Don’t think for a minute that Bush would be unwilling to ask his shiny new ultra-conservative Supreme Court to rewrite the power of the presidency, or that some sense of caution or principle would prevent the five-person conservative majority from granting his wish.
If Bush’s interpretation of executive privilege stands, the executive branch of our government will become effectively immune from oversight. Congress will have no meaningful ability to determine what is actually happening inside any office or agency. Presidents, cabinet secretaries, and staff throughout the government will have no incentive to obey laws, comply with directives, or provide truthful information of any kind.
It’s a horrifying prospect. Yet, in contrast with the national reaction to Nixon’s rejection of subpoenas, Bush’s imperial defiance has been greeted with a national shrug. Certainly there has been no suggestion that Bush’s actions constitute an impeachable offense — as Congress believed Nixon’s to be 23 years ago.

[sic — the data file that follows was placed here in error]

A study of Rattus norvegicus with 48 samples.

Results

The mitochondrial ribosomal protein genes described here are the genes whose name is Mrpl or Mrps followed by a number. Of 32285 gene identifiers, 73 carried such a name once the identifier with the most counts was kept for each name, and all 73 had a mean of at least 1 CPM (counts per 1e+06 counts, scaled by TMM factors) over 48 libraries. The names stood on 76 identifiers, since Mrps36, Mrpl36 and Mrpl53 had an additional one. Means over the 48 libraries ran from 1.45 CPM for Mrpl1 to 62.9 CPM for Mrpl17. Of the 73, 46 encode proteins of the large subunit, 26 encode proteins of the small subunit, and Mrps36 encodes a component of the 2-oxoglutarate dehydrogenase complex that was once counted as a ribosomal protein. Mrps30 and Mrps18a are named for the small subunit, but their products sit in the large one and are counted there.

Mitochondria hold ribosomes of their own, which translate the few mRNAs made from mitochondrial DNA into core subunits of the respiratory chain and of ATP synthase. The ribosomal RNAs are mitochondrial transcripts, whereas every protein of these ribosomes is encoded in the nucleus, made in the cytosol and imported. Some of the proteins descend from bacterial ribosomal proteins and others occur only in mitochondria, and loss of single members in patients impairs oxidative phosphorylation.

Perhaps we as a nation have become so accustomed to this administration’s lies and secrecy that it’s hard to muster a sense of outrage anymore. We’re just waiting for the White House door to hit Bush on the ass on his way out in January 2009. But by then, we may have lost our right to know what’s going on behind it.
Democrats must not back down. They should call for a vote to find Bush in contempt and use every tool in their power to force the issue, including the threat to withhold funds, shut down government operations, and even hold impeachment hearings.
They must also call on presidential candidates — of every party — to denounce Bush’s view of presidential power, and to pledge to honor congressional subpoenas if elected. The candidates have been disturbingly mute on this showdown, and they, along with Congress, should not be allowed to get away with it.